Don’t let the Medicare payroll tax surprise your clients

Don’t let the Medicare payroll tax surprise your clients

Before tax season begins, high-income clients may be seeking clarity on the new taxes introduced this year as part of the federal health-care reform law.

Some clients may be subject to the new 3.8% surtax on net investment income as well as an additional 0.9% Medicare payroll tax. These taxes apply to individuals with income over $200,000 and couples with income exceeding $250,000.

To learn more about the investment income surtax, read the education piece, “Planning for the 3.8% Medicare investment income surtax.”

Income thresholds trigger higher Medicare payroll tax
Some facts to highlight about the Medicare payroll tax:

  • The current Medicare payroll tax is 1.45%
  • The tax applies to wages, compensation, and self-employment income
  • There is no earnings limit, unlike Social Security, which only applies to the first $113,700 of income.
  • The Affordable Care Act introduced an additional 0.9% tax once earned income exceeds $200,000 for individuals and $250,000 for married couples, bringing the effective tax rate above those thresholds to 2.35%.

Withholding issues may cause confusion at tax time

Since this payroll tax applies differently to individuals and married couples, there will likely be some confusion with tax filing as the employer withholding may be insufficient. In the case of a married couple, the employer of one spouse does not have information on the compensation of the other spouse. Additionally, an individual may earn more than $200,000 in wages from multiple employers, but not earn more than that amount from any one of those employers.

Here’s an example highlighting a potential issue with employer withholding.

  • A husband earns $200,000 in wages, which do not exceed the threshold, so the additional 0.9% payroll tax is not withheld.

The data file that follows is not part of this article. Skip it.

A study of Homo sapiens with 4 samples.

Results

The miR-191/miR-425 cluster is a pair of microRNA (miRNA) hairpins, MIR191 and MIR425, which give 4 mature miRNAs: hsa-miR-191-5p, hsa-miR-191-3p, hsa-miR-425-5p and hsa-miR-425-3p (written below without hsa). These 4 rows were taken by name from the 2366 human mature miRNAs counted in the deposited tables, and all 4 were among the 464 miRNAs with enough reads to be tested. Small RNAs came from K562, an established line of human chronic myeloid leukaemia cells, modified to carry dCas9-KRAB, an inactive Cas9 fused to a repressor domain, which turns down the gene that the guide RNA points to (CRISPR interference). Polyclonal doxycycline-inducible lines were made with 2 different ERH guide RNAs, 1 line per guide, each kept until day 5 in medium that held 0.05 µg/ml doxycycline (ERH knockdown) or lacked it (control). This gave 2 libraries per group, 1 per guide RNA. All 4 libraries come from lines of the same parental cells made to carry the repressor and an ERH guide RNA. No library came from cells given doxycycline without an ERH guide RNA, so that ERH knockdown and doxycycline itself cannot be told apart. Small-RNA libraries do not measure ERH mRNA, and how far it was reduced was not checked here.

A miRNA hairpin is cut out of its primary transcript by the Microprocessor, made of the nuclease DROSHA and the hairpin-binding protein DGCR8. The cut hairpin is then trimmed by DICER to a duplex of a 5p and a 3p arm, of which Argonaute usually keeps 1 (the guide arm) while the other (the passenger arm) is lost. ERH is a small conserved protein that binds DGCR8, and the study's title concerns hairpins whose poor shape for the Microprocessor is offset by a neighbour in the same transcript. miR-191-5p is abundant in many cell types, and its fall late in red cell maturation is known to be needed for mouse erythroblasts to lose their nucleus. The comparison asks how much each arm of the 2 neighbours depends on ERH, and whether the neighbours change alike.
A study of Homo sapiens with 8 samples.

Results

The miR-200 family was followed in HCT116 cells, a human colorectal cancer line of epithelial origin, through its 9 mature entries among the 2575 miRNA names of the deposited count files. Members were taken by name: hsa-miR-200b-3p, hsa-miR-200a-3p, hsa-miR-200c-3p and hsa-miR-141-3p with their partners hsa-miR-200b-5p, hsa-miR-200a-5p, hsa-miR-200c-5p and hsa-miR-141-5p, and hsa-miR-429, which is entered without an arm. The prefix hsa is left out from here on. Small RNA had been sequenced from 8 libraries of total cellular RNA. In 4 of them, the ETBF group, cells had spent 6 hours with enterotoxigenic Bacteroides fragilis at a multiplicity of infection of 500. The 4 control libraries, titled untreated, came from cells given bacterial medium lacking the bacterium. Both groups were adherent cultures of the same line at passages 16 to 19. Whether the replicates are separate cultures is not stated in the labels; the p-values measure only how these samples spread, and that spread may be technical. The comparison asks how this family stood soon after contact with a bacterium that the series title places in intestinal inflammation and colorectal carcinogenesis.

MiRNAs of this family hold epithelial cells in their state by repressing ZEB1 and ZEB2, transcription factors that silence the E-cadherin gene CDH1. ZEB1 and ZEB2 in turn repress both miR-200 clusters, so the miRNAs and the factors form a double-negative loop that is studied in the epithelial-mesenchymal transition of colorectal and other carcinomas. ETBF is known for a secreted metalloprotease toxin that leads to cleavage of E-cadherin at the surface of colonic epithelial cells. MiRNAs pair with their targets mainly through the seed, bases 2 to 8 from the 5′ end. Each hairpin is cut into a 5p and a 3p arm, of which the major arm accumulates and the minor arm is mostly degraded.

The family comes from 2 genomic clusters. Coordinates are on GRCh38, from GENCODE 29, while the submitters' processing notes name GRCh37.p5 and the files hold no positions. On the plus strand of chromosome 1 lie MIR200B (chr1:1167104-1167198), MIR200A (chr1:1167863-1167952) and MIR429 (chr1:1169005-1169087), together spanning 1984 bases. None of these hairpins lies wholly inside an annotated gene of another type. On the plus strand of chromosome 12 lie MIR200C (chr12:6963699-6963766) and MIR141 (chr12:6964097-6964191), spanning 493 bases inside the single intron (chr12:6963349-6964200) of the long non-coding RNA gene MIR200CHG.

• His wife earns $150,000 in wages, which does not meet the threshold and does not trigger the additional tax for withholding.
  • Together, the couple earns $350,000, which is above the threshold of $250,000
  • When filing taxes, the couple would owe an additional $900 in payroll taxes to satisfy the additional 0.9% Medicare tax.

IRS guidance for employers
The Internal Revenue Service offers guidance for employers as part of “Questions and Answers for the Additional Medicare Tax.” Under individual questions, the IRS notes, “An employer must withhold Additional Medicare Tax from wages it pays to an individual in excess of $200,000 in a calendar year, without regard to the individual’s filing status or wages paid by another employer. An individual may owe more than the amount withheld by the employer, depending on the individual’s filing status, wages, compensation, and self-employment income. In that case, the individual should make estimated tax payments and/or request additional income tax withholding using Form W-4, Employee’s Withholding Allowance Certificate.”

If you have clients who fit this profile, whether high-earners or small business owners, you may want to direct them to their tax professional for guidance.